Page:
Homo habilis ("handy man", "skillful person") is a species of the genus Homo, which lived from approximately 2 million to 1.5 million years ago. The definition of this species goes back to Louis Leakey who found fossils in Tanzania, East Africa, in 1964. Homo habilis is arguably the first species of the Homo genus to appear. In its appearance and morphology, H. habilis was the least similar to modern humans of all species to be placed in the genus Homo (except possibly Homo rudolfensis). Homo habilis was very short and had disproportionately long arms compared to modern man. It is thought to have descended from a species of Australopithecine hominid. It may have had a more immediate ancestor in the form of the somewhat more massive and ape-like, Homo rudolfensis. Homo habilis had a brain slightly less than half of the size of modern man. These early human ancestors were small, on average standing no more than 1.3 m tall.
Homo habilis shared the earth with many other Homo-like bipedal primates, such as Paranthropus boisei, which were also highly successful, some prospering for many millennia. However, H. habilis, with its early tool innovation and less specialized diet, proved to be a precursor of an entire line of new species, whereas Paranthropus boisei and its relatives disappeared from the later fossil record.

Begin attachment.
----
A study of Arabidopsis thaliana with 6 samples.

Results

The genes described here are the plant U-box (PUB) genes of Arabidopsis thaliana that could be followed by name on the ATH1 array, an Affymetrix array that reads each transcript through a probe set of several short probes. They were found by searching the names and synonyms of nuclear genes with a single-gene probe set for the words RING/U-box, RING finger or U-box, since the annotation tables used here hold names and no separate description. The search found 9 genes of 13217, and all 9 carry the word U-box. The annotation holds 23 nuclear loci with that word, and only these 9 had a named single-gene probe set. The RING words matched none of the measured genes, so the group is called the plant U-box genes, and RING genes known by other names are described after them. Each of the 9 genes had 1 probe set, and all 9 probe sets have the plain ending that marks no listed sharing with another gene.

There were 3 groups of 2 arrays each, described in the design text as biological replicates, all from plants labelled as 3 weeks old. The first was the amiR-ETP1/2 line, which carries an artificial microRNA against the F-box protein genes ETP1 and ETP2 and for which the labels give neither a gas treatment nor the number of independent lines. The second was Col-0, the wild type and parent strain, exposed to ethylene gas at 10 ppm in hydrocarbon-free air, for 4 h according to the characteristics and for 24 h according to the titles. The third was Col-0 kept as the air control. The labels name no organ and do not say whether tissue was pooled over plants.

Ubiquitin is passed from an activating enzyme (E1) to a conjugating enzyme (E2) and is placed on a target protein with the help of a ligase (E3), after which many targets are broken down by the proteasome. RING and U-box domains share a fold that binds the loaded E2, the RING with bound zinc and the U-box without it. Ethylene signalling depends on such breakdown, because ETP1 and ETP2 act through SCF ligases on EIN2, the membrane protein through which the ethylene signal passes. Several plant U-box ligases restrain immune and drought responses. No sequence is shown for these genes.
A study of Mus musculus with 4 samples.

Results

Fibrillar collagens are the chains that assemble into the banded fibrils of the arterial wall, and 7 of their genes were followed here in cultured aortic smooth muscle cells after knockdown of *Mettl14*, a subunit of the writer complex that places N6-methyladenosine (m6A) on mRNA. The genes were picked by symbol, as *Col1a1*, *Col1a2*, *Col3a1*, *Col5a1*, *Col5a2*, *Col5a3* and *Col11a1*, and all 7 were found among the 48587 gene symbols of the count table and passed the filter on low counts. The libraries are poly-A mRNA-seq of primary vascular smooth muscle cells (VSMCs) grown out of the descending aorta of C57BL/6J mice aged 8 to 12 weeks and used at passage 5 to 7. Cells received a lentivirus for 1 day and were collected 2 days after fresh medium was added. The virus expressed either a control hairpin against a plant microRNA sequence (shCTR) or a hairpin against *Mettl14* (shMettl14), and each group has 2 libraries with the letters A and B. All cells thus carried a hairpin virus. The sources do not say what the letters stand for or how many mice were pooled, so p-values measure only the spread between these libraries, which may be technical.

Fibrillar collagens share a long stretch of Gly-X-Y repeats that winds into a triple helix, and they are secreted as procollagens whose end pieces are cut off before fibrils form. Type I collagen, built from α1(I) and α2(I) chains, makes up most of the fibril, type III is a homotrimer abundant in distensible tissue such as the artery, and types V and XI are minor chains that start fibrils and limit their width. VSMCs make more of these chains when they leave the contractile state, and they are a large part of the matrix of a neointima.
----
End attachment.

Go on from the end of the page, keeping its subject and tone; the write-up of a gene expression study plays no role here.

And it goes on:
Homo habilis is thought to have mastered the Oldowan era (Early Paleolithic) tool case which utilized stone flakes. Though these stone flakes were primitive by human standards, they were more advanced than any tools that had ever previously existed, and they gave H. habilis the edge it needed to prosper in hostile environments previously too formidable for primates. However, H. habilis was not the master hunter that its descendants proved to be, as there is ample fossil evidence that H. habilis was a major staple in the diet of large predatory animals such as Dinofelis barlowi, a large predatory cat similar to a leopard. H. habilis used tools primarily for scavenging, such as cleaving meat off of carrion, rather than defence or hunting.
Homo habilis is thought to be the ancestor of the lankier and more sophisticated, Homo ergaster, which in turn gave rise to the more human appearing species, Homo erectus. There is debate over whether H. habilis is a direct human ancestor, and over how many known fossils are properly attributed to the species.
There is little evidence that Homo habilis controlled fire, buried its dead, hunted cooperatively, used language (any more advanced than gestures) or studied its environment in the manner of its later descendants.
There is large amount of controversy about the classification of H. habilis into theHomo genus. Like Homo rudolfensis, H. habilis lacked many of the things that were unique only to later hominins such as slim hips for walking long distances, a sophisticated sweating system, narrow birth canal, legs longer than arms, noticeable whites in the eyes, smaller hairs resulting in naked appearance and exposed skins, etc. Many scientists think H. habilis and its close reletive H. rudolfensis to be more ape like despite their larger brains and bipedal locomotion than that of earlier species and is being re-thought on their classification into the Homo genus.